Freeman-Grenville , Greville Stewart Parker 1918-2005
Freeman-Grenville, Greville Stewart Parker
OBITUARY NOTICE—See index for CA sketch: Born June 29, 1918, in Hook Norton, Oxfordshire, England; died February 3, 2005. Historian, civil servant, educator, and author. Freeman-Grenville was well known for his writings on East Africa and the Middle East, and was an advocate for the preservation of archaeological sites in those areas. He studied history at Worcester College, Oxford, where he earned a master's degree in 1943. After serving in the British Army during World War II in Egypt and Palestine, he developed an interest in Arabic history. When the war ended, he took a job as a teacher in Abadan, Iran, and later taught in Baghdad. In 1951 he joined the Civil Service and became an education officer in Tanganyika, where he learned to speak Swahili and became fascinated by ancient coinage there. Next, from 1961 until 1964, he became an education officer in Aden. Resigning from the Civil Service in 1964, he moved to Accra, where he taught languages at the University of Ghana and was senior research fellow in African history. Freeman-Grenville continued this teaching path at the University of York during the late 1960s, and then at the State University of New York from 1969 until 1974. After that, he spent the remainder of his career as a freelance writer and translator fluent in Swahili, Arabic, Greek, and Latin. Named a Knight of the Holy Sepulcher and earning the Papal Cross, Pro Ecclesia et Pontifice, for his work to restore important archaeological and religious sites, Freeman-Grenville was also the author of numerous other histories and reference works. Among these are The Medieval History of the Coast of Tanganyika (1962), Chronology of African History (1973), The Swahili Coast, Second to Nineteenth Centuries: Islam, Christianity, and Commerce in Eastern Africa (1988), and The Holy Land: A Pilgrim's Guide to Israel, Jordan, and the Sinai (1996).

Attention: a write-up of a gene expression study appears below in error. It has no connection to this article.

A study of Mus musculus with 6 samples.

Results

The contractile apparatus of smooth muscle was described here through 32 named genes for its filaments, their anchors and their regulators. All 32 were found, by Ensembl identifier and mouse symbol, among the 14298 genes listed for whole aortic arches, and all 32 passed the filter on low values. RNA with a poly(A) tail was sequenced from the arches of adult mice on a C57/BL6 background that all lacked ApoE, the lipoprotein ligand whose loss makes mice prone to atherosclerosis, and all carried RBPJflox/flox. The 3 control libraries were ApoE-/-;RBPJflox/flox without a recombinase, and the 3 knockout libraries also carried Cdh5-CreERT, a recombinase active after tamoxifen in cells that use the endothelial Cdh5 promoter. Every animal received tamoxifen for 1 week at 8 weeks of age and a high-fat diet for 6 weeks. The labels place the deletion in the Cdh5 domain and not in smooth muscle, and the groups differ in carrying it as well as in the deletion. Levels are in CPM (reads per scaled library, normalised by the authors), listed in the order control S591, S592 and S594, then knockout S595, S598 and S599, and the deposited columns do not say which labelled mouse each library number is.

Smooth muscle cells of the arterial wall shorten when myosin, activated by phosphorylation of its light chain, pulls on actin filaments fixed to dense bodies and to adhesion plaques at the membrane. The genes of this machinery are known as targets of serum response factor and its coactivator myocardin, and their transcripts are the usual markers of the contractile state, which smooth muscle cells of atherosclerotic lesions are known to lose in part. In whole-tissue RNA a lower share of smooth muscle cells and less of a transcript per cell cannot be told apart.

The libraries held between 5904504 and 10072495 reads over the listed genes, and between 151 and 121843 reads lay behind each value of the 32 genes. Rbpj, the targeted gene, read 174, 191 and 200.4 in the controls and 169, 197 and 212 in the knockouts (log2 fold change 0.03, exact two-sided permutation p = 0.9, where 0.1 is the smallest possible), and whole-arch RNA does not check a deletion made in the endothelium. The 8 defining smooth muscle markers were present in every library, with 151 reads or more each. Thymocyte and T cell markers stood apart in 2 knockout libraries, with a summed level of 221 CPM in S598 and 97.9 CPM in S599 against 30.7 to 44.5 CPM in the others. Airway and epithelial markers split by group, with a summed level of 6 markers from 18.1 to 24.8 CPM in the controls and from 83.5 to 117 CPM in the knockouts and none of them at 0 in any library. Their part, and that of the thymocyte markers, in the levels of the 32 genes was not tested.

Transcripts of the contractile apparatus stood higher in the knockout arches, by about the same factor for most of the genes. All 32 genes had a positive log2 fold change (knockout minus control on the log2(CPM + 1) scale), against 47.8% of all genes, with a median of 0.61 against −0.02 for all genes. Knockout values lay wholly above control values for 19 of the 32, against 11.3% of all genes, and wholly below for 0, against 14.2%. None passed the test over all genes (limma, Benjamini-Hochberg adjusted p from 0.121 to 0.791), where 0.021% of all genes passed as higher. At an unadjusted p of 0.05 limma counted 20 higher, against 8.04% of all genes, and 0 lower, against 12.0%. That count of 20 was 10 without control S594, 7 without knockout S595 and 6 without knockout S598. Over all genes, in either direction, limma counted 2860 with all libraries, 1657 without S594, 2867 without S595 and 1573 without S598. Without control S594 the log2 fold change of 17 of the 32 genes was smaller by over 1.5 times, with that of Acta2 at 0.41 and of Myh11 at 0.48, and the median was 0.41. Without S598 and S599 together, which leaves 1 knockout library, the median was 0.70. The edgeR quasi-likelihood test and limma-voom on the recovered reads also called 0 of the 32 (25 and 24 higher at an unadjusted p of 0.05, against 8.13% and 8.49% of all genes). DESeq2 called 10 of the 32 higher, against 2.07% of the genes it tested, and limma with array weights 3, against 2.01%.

OBITUARIES AND OTHER SOURCES:
Times (London, England), March 15, 2005, p. 59.
"Freeman-Grenville , Greville Stewart Parker 1918-2005." Contemporary Authors. . Encyclopedia.com. 19 Nov. 2018 <https://www.encyclopedia.com>.
"Freeman-Grenville , Greville Stewart Parker 1918-2005." Contemporary Authors. . Encyclopedia.com. (November 19, 2018). https://www.encyclopedia.com/arts/educational-magazines/freeman-grenville-greville-stewart-parker-1918-2005
"Freeman-Grenville , Greville Stewart Parker 1918-2005." Contemporary Authors. . Retrieved November 19, 2018 from Encyclopedia.com: https://www.encyclopedia.com/arts/educational-magazines/freeman-grenville-greville-stewart-parker-1918-2005
Encyclopedia.com gives you the ability to cite reference entries and articles according to common styles from the Modern Language Association (MLA), The Chicago Manual of Style, and the American Psychological Association (APA).
Within the “Cite this article” tool, pick a style to see how all available information looks when formatted according to that style. Then, copy and paste the text into your bibliography or works cited list.
Because each style has its own formatting nuances that evolve over time and not all information is available for every reference entry or article, Encyclopedia.com cannot guarantee each citation it generates. Therefore, it’s best to use Encyclopedia.com citations as a starting point before checking the style against your school or publication’s requirements and the most-recent information available at these sites:
Modern Language Association
The Chicago Manual of Style
American Psychological Association
- Most online reference entries and articles do not have page numbers. Therefore, that information is unavailable for most Encyclopedia.com content. However, the date of retrieval is often important. Refer to each style’s convention regarding the best way to format page numbers and retrieval dates.
- In addition to the MLA, Chicago, and APA styles, your school, university, publication, or institution may have its own requirements for citations. Therefore, be sure to refer to those guidelines when editing your bibliography or works cited list.